Gant is one of those companies; it even brought on a former Adidas exec as its CEO. That’s resulted in ideas like the Tech Prep collection, which just looks like a line of button-up shirts, but hidden in the threads is a composition of polyester and cotton that stretches, wicks moisture, and apparently doesn’t wrinkle. The concept of normal clothing spliced with performance wear has also caught on at Under Armour, Calvin Klein, and Kenneth Cole, while brands like Ministry of Supply, State & Liberty, Mizzen+Main, and several others have centered their entire businesses around it.
But I, for one, remain unconvinced that I need these shirts anywhere near my body, and the time has come for me to ask the tough questions.
Why do we need performance-enhanced clothes?
As Brian Grevy, Gant’s CMO and another former Adidas staffer, explains, “The consumer has voted that comfortable clothing and the benefits it gives you is what they want.”
Okay, but why exactly do we need this kind of clothing?
The argument goes that our modern, technologically-advanced lives necessitate modern, technologically-advanced clothes. For example, Mizzen + Main founder Kevin Lavelle argues that there are moments you need moisture wicking: riding the subway in the summer, rushing to a meeting, making a stressful presentation. This is also how Gant positions its Tech Prep shirts. A campaign for the collection featured people in “distressing” everyday situations, like standing in a cramped elevator, and ended with the tagline “Never Not Comfortable.” It’s white-collar athleisure.
Can you give me a grosser example?
“When you're giving a presentation in these shirts, you're not showing your sweaty armpits,” Lavelle says. “It's disgusting to describe, but you're not showing the back sweat—”
That’s e-fucking-nough. What else do these shirts do?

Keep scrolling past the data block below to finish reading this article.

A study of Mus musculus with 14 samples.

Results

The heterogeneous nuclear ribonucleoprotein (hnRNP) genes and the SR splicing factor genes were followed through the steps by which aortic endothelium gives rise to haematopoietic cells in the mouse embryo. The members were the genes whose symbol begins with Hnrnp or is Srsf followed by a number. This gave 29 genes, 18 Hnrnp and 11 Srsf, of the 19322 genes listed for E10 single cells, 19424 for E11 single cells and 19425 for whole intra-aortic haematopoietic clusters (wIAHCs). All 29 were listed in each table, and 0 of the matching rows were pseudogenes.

Mizzen + Main has made it a point to work with athletes because its fabric’s four-way stretch means massive humans can wear shirts right off the rack rather than getting them custom-fit. Grevy says Gant’s fabric blend means that the shirts don’t require dry cleaning and don’t come out of the washing machine looking like a Shar-Pei. Gant also released a commuter collection that uses the Tech Prep technology, meant for folks who bike to work.
But don’t they look like giant polyester ponchos?
When I brought these shirts up to Eater features editor and fellow shirt-wearer Matt Buchanan, he put it bluntly: “Oh, no, ew. If I'm going to wear a dress shirt, I want it to be, like, nice.” (His emphasis, not mine.) But Lavelle wore a Mizzen+Main shirt under a tie and jacket when we met, and I didn’t confuse it for a Hefty product. You also don’t need to look hard to find converts online. Reddit commenters throw around words like “magnificent” and “best dress shirt I’ve ever worn,” though there is some negative feedback relating to trash baginess, drape, and odor.
How else does the sportswear industry fit in here?
“There's one thing the sporting industry is really good at, and it's talking about product benefits,” says Grevy. You can tool around with patterns and prints as much as you want, but preferences for those change with the wind and from customer to customer.”
When you design a print, you have to hope it catches on; when you create shirts with special technology, you’re banking on something that will be of tangible benefit to a customer. And just like a company like Nike works to develop technology then iterates on top of it a thousand times over — see: Air — Gant and the rest of the crowd hopes to do the same with shirts.